Everything's bigger in Texas, including the number of DUIs and drunk driving accidents that occur each year. In fact, despite a two-month lockdown in 2020 — when everything in the Lone Star State came to a virtual standstill — the number of drunk-driving-related fatalities actually rose 6.3% in 2020.
Read on to learn the latest about drunk driving statistics and laws in Texas. If you're a state resident, these figures may serve as a cautionary tale, even if your worst problem is how to get a traffic ticket removed from your record.
Texas Drunk Driving Statistics
Because 2020 was such an unusual year for Texas drivers, data from 2019 paints a clearer picture of overall drunk driving trends in the state.
Here are 2019 statistics from the Texas Department of Transportation:
Total number of fatal crashes caused by drunk drivers: 813
Number of fatalities due to drunk driving: 914
Suspected serious crashes where drunk driving played a role: 1,600
Possible injury crashes due to drunk driving: 4,166
Total DUI-related crashes in 2019: 24,714
Just how bad is this, anyhow?
Although Texas DUI arrests actually declined 32% between 2009 and 2019, Texas leads the nation in DUI-related fatalities. The CDC reports that 13,592 Texans died in a DUI-related crash between the years of 2009-2018. In every age group, Texas drivers exceed the national average for alcohol-impaired driving deaths.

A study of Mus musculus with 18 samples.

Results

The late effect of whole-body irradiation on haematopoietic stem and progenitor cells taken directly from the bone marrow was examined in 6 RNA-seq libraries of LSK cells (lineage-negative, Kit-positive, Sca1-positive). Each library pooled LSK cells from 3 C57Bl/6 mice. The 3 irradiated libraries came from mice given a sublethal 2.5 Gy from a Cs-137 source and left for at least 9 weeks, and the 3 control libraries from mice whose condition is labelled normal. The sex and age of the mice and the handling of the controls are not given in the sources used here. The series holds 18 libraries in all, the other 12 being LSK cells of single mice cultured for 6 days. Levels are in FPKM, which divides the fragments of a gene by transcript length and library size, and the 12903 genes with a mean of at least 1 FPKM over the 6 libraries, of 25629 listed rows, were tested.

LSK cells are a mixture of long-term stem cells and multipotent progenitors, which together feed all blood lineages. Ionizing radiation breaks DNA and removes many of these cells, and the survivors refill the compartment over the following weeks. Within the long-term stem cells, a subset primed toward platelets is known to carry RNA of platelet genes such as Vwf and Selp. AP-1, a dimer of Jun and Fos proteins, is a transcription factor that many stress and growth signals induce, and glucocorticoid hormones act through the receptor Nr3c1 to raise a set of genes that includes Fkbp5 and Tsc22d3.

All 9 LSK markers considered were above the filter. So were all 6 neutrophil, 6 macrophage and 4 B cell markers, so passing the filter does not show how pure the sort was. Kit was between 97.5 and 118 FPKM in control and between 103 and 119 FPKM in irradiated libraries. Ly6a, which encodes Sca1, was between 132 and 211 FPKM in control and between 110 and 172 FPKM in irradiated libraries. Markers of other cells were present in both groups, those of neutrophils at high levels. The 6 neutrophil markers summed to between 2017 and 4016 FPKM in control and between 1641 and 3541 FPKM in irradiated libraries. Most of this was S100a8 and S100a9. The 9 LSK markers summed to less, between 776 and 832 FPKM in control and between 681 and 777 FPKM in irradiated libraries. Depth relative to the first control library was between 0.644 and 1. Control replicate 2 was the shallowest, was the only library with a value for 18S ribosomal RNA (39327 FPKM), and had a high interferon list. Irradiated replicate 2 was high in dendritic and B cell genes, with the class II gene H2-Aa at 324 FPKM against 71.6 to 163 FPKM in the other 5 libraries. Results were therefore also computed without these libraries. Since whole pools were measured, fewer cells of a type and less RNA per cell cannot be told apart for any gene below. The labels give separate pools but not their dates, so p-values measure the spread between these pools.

DUI Laws in Texas
One reason DUI arrests in Texas may be down is the strictness of DUI laws in the Lone Star State.
According to Texas law, you are legally intoxicated when your blood alcohol level reaches 0.08%. (Incidentally, this is the threshold limit whether you are driving, boating, or flying a small plane.)
Even driving with an open container of alcohol in your vehicle is a Class C misdemeanor.
The penalties for driving under the influence are as follows:
The First Offense
You may receive a fine of up to $2,000.
You could be sentenced to 180 days in jail if you are convicted, and at least three days are mandatory.
You may lose your driver's license for up to one year.
The Second Offense
You may receive a fine of up to $4,000.
You can be sentenced anywhere from one month to a year in jail.
You could lose your driver's license for up to two years.
The Third Offense
You'll have to pay a $10,000 fine.
You may receive a prison sentence of anywhere from two to 10 years.
You will lose your driver's license for up to two years.
In addition to the fines mentioned above, the state of Texas may assess additional financial penalties in the amount of $3,000, $4,500, or $6,000 at the time of sentencing.
If you are caught driving while drunk, and there is a child under the age of 15 riding in the car with you, you will face additional charges and fines, as follows:
You may be charged with child endangerment.
You could be fined up to $10,000.
You could face a jail sentence of up to two years.
You stand to lose your driver's license for an additional 180 days.
The Bottom Line
Although Texas has managed to reduce its total number of DUI arrests, it continues to have some of the highest numbers of DUI-related fatalities in the nation. If you're a Texas resident, buckle up, be safe, and consider taking a defensive driving course to brush up on your driving skills. And by all means — resist the temptation to get behind the wheel after you've been drinking.